Aims Ran GTPase is involved in nucleocytoplasmic shuttling of proteins and is overexpressed in several cancers. The expression of Ran in malignant melanoma (MM) and its functional activity have not been described and were investigated in this study.
Methods The prognostic value of Ran expression was tested in a series of 185 primary cutaneous MM cases using immunohistochemistry. The functional activity of Ran was investigated in the two melanoma cell lines. Ran expression was knocked down using two siRNAs and the effect on the expression of the c-Met oncogene, a potential downstream target of Ran, was tested. Functional effects of Ran knockdown on cell motility and cell proliferation were also assessed.
Results Positive Ran expression was seen in 12.4% of MM and was associated with advanced clinical stage and greater Breslow thickness. Positive expression was an independent marker of shorter overall survival (p=0.023). Knockdown of Ran results in decreased expression of c-Met and the downstream c-met signalling targets ERK1/2. There was a significant reduction in cell migration (p<0.001) and cell invasion (p<0.001). c-Met knockdown decreased the expression of Ran through MAPK and PI3K-AKT in A375 cell line, inhibited the cell viability and migration of both A375 and G361 melanoma cell lines while invasion was enhanced.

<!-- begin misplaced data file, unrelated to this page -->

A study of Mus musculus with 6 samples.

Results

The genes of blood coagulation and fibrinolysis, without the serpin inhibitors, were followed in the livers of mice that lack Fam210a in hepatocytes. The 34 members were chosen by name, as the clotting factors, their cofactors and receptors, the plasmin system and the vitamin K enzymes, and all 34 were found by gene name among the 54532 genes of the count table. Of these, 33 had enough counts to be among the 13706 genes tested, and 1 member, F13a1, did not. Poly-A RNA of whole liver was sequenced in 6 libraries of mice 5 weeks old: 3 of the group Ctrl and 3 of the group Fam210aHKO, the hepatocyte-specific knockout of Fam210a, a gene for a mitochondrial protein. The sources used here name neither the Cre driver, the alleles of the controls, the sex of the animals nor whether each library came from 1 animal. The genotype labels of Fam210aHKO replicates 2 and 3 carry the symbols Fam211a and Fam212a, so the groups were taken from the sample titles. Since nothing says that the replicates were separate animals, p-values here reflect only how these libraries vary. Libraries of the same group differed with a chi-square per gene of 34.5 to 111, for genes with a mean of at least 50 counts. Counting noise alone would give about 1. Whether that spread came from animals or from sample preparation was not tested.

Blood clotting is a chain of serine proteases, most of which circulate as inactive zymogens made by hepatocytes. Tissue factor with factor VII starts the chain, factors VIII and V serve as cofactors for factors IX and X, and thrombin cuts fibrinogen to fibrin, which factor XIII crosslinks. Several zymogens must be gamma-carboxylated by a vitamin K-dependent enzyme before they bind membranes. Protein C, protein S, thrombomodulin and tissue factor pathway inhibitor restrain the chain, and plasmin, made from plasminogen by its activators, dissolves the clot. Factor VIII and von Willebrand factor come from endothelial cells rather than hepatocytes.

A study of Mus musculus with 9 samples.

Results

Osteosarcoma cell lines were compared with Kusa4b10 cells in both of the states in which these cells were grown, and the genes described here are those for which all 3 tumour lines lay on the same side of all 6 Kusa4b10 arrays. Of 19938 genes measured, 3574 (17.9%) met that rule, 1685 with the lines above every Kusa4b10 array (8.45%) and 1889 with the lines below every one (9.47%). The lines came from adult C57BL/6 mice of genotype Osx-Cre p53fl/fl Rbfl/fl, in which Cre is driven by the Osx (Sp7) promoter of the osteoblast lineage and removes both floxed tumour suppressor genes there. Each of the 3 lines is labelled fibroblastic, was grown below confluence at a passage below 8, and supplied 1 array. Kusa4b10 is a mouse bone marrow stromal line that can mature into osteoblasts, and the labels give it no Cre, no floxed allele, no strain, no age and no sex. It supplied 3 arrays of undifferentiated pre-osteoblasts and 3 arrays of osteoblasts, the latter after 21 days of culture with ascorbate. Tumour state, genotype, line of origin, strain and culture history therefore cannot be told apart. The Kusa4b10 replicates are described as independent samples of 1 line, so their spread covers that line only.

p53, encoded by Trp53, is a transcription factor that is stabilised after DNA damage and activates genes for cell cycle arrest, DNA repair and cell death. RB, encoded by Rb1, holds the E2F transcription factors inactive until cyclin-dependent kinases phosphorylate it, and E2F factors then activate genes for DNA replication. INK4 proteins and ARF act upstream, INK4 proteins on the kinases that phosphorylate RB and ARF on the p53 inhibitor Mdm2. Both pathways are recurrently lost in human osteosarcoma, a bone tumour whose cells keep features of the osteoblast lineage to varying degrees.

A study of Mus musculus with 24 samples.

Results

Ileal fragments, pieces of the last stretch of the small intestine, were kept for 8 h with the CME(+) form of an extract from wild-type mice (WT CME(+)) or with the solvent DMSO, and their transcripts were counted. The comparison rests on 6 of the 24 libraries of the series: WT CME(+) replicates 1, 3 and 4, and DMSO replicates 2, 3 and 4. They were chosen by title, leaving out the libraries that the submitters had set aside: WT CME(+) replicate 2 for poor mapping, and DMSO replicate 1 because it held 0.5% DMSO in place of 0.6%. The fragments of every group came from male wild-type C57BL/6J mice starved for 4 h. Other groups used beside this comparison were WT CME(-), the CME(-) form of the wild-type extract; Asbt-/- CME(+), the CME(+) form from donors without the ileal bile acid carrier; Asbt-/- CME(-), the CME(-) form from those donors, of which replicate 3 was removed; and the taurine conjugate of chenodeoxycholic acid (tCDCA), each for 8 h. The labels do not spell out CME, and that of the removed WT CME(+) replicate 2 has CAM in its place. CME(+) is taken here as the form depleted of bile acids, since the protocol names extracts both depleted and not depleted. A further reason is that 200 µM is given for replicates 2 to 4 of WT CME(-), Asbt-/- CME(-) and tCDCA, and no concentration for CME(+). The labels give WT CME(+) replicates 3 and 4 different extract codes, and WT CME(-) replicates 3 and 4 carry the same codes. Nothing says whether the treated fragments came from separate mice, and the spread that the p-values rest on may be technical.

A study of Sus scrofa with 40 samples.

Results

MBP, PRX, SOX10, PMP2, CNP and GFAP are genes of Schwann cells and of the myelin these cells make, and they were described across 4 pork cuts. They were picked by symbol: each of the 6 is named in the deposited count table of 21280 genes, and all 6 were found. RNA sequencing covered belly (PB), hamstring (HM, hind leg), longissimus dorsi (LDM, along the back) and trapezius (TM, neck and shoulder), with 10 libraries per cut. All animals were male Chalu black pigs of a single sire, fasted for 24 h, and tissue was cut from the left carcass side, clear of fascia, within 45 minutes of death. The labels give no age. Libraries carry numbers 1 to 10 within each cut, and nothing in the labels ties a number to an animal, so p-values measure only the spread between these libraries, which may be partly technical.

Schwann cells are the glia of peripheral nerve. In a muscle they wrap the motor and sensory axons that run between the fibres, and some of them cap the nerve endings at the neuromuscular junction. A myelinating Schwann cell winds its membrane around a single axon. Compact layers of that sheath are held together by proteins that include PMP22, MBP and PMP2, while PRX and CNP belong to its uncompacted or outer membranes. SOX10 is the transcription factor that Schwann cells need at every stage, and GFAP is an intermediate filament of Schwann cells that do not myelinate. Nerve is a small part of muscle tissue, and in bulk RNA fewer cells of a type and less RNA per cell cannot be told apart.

Conclusion Ran is a poor prognostic marker in cutaneous MM. It upregulates expression of the oncogene c-Met and, possibly through this, it promotes cell motility which may in turn promote metastasis.
- skin neoplasms
- molecular biology
Handling editor Dhirendra Govender.
SE, ME-T and MI contributed equally.
Contributors SE, ME-T, PR, PP, MI: Study design manuscript writing. IK, CF, WL, SEL, NK,TPR, WF, MA: Practical experiments, data collection, data analysis. manuscript writing.
Funding This work was partially supported by the University of Nottingham and the Supreme Council of Universities, Egypt.
Competing interests None declared.
Patient consent for publication Not required.
Ethics approval Ethical approval (ACP0000174) was gained from the Nottingham Health Science Biobank Access Committee.
Provenance and peer review Not commissioned; externally peer reviewed.
Data availability statement All data generated or analysed during this study are included in this published article and its supplemental file.